It is officially summer. Kripalu has switched over to its summer schedule; classes are happening in the airy white tent outside; the building is buzzing with energy and heat and programs (and the occasional fire alarm); and, the bugs have transitioned from tiny mosquitoes to insistent and persistent, head-loving horse flies. The flowers are changing too; the soft whites and yellows that permeated the landscape are subtly shifting to lavenders, golds, browns, and maroons, petals large and elaborate. Yesterday, I sat under a tree and watched waves of heat climbing up out of the hot, humid grass and infusing the air with the scent of hot, happy earth. The greens are changing, being born now out of a moist richness that didn't exist a few weeks ago. Everything is new. Again.
How can we find stillness within movement? Is it really as simple as remaining connected to the breath?
This past week marked the half-way point of my time of service here, and a piece of my mind is working like crazy to erect markers of meaning, to forcibly interject its narrative atop my experience, and to protect me from the inevitable pain of leaving.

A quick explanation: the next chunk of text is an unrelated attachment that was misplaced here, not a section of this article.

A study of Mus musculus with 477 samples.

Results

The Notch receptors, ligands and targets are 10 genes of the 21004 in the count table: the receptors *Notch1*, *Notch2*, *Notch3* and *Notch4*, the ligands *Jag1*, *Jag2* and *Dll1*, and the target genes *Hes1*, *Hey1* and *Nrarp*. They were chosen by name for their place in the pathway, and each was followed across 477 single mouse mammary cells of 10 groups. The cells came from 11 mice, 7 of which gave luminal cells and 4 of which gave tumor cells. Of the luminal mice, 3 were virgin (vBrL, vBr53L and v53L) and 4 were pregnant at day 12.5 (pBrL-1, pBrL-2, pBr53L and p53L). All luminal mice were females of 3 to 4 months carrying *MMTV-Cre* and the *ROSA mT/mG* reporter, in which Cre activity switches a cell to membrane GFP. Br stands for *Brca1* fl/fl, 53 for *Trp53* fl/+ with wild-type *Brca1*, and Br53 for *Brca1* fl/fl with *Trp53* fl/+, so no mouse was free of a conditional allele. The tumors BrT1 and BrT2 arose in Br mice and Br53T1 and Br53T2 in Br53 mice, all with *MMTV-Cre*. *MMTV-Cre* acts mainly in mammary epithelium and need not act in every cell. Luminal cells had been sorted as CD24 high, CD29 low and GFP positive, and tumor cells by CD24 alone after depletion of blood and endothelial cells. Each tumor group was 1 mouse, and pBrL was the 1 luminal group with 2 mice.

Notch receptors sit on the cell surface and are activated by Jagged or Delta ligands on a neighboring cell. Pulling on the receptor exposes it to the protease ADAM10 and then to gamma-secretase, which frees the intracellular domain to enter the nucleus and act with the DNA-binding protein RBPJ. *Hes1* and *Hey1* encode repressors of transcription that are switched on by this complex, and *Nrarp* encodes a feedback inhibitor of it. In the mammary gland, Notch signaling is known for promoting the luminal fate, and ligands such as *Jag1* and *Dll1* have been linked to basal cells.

The thing is, I don't need to be protected. I can feel this, this mourning that mounts like a purple, cresting wave in my left shoulder, the shortening of my breath, the earthy pebbles that scatter themselves throughout my chest. These sensations - staying with them on their journey - leave the label "pain" churning in their wake, and I am awed by the chance to be with myself. Rumi said that "everything in the universe is within you." Bob Marley put it: "man is a universe within himself."
Could I live a life that marvels at the pain and joy with the same reverence I hold for the sweet transition from spring to summer? Every breath, everything is new. Again.